Where the velcro Katana has a more slipper-like softness to it, the Katana Lace’s P3 construction makes it much more competent at edging and face climbing. Which brings us to Sportiva’s claims about the ideal terrain for the Katana Lace:
With the improved edging relative to the velcro Katana, the Katana Lace performs well on bolted face climbs, on par with many “sport” shoes, even. For example, I’d put the Katana Lace on par with the SCARPA Vapor V, an excellent shoe that I have worn through multiple resoles.
For cranking hard sport routes, the Katana Lace isn’t up to the level of the SCARPA Instinct VS, however. At it’s core, this is because it takes more than a little extra stiffness to make a fantastic face climbing shoe.
The Katana Lace is built on a relatively moderate last as far as downturn and asymmetry are concerned, which doesn’t impart the level of precision that is seen in some more aggressive shoes. The perfect example of this is pocketed limestone like that found in Ten Sleep, Wyoming: the Katana Lace can’t find small pockets quite as well as the Instinct VS.
Likewise for super steep climbing: the Katana Lace can’t hang onto footholds as well as shoes that are specifically designed for this, like the Instinct VS, Five Ten Blackwing, etc.
Technical edging on vertical (or near vertical) terrain does play to the strengths of the Katana Lace, though. The stiffness of the sole is enough to compete effectively in this arena, so in places like Clear Creek Canyon, CO or Rumney, NH, the Katana Lace is much more at home.
In sum, the Katana Lace does well on vertical edging, and it’s okay (but not amazing) on pockets and truly steep terrain. But none of this is where the Katana Lace really shines. That would be…
Hard Trad Climbing
The Katana Lace’s combination of slight downturn and asymmetry plus middle-of-the-road stiffness provides a powerful ability to climb straight-in cracks. The things that make the Katana Lace good for vertical edging (slight downturn/asymmetry, medium-stiff sole, etc.) also help with technical footwork on hard crack climbs, without being so aggressive or uncomfortable as to prohibit climbing cracks straight-in.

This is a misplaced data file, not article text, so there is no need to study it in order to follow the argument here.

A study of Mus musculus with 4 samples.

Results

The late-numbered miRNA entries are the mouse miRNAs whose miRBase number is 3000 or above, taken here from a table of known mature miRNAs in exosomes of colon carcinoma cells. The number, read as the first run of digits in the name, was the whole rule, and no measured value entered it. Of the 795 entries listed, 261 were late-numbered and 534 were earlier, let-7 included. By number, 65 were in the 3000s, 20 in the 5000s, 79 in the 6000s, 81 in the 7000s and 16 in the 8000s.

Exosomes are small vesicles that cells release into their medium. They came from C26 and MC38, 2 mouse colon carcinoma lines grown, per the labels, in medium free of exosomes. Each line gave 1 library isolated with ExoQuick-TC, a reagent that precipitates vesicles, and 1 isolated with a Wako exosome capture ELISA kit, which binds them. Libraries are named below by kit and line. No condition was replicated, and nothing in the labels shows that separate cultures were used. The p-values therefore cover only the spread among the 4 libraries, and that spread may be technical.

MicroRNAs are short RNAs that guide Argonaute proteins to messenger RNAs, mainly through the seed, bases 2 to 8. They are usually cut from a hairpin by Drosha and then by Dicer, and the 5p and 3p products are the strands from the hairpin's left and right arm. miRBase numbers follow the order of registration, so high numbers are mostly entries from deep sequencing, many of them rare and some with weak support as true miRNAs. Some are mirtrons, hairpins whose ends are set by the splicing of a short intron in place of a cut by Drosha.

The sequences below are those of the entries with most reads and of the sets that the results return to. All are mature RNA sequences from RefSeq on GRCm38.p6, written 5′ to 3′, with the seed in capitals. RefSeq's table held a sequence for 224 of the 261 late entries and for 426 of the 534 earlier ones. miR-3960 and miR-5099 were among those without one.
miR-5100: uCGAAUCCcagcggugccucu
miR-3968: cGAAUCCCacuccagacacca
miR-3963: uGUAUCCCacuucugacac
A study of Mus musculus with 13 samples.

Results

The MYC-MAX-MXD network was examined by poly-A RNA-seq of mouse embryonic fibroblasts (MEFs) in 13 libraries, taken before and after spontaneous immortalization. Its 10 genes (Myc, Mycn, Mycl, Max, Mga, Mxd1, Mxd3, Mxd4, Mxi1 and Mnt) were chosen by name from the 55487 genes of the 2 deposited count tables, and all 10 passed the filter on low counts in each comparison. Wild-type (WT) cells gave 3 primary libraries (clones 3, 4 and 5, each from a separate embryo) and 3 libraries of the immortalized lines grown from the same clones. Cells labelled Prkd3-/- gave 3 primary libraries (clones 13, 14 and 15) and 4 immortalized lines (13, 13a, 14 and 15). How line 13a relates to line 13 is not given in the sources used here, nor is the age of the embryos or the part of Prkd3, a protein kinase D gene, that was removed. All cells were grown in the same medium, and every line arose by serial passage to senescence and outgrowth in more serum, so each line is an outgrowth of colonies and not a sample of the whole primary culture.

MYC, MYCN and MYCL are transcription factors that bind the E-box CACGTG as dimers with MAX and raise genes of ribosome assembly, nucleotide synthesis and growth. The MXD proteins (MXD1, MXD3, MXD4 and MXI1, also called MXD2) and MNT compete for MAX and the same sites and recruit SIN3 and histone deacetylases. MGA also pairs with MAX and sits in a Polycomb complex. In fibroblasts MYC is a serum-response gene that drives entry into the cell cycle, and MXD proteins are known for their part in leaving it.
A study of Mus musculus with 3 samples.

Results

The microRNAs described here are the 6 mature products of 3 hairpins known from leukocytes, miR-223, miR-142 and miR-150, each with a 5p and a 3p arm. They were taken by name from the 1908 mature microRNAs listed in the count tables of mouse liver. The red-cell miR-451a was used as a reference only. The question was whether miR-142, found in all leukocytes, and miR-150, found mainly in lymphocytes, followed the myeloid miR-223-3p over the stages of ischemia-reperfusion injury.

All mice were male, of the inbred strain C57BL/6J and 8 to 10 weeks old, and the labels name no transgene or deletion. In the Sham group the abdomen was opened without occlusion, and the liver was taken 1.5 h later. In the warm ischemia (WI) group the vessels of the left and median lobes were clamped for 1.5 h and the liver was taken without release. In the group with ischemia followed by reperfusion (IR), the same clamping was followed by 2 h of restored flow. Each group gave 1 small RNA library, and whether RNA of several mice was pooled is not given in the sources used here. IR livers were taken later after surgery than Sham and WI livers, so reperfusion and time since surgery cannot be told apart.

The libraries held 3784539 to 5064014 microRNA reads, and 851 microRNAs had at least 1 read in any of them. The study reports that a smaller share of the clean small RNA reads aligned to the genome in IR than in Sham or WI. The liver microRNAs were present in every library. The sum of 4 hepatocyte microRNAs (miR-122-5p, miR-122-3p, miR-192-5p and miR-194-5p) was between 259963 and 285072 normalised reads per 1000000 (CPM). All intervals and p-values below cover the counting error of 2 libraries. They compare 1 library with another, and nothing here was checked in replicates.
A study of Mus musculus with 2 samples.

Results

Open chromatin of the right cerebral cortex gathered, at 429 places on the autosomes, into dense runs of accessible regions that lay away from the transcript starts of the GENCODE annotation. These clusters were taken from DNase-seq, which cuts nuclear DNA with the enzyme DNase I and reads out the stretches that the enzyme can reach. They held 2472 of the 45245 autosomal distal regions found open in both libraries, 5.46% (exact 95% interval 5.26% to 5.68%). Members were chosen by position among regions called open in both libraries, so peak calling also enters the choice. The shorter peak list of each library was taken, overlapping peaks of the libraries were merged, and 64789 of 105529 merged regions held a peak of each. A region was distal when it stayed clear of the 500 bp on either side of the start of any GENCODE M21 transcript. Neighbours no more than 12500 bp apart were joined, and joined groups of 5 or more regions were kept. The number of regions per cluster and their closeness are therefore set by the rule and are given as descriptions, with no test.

In fact, the P3 allows you to size a little more comfortably and still edge competently, which is exactly what enables the Katana Lace to engage hard cracks: you can keep your technical footwork without having your toes curled—a dealbreaker for shoving feet in cracks.
Because it isn’t as stiff as other trad shoes like the TC Pro, Evolv Astroman, or Five Ten Anasazi Guide, sustained slab or thin edging is definitely harder on the calves in the Katana Lace. While it’s more precise than either the Astroman or Anasazi Guide, the identical last makes the TC Pro equally precise when it comes to thin footwork.
Thin Crack Climbing
The TC Pro (and Anasazi guide and Astroman) falls behind the Katana Lace when it comes to thin cracks. If you’re climbing granite cracks in the ring locks or finger stack size, you might have either a flare to the crack or other features that allow you to climb with your hands in the crack, but your feet outside the crack on dime edges, inclusions, or other face-climbing features.
If you’re climbing straight in at that crack size, the Katana Lace beats out all its competitors on the merits of its low-profile toe box. With a slimmer toe, you can fit a bit more rubber into the crack when you get down past thin hands. For larger cracks (anything ~red camalot or larger) you can get enough of any shoe in the crack that it probably won’t make a huge difference. But or fingers and off-fingers, the Katana Lace gives you more to work with.
Not only is the toe profile slightly more amenable to slotting into thinner cracks, but the moderate softness of the sole gives you some measured ability to wiggle some rand rubber into the crack in a way that would be impossible in a TC Pro.
And since climbing in the sandstone desert is often characterized by singular, laser-cut cracks amidst otherwise-featureless sweeps of sandstone (which forces you to climb with both hands and feet straight a crack) I think the Katana Lace is the ultimate desert shoe.
Admittedly, there’s certainly some personal preference at work here: I tend to prefer medium-stiff shoes for crack climbing, since I like the comfort that the extra support provides. But years of climbing in Moccasyms and Miura Laces has left me with a taste for sensitivity in climbing shoes, and I enjoy the ease of twisting a softer shoe to lock it into place. So for me, the Katana Lace is the perfect balance of these elements, and it’s my go-to crack shoe as a result.
I climbed in the Sportiva Katana Lace on all sorts of rock, from granite to limestone to sandstone, and came away with a glowing opinion of the shoe.
It is an excellent all-around shoe, but it is not ideal for everything, and I would not recommend it if you’re looking for a shoe for bouldering and sport climbing, first and foremost.
I found the Katana Lace to be a good sport / bouldering shoe, but a phenomenal trad / crack-climbing shoe.
For super long routes, free climbing big walls, etc., I’d probably reach for something with a stiffer sole that allowed for less strenuous stances, but for climbing straight-in cracks, the Katana Lace is currently as good as it gets.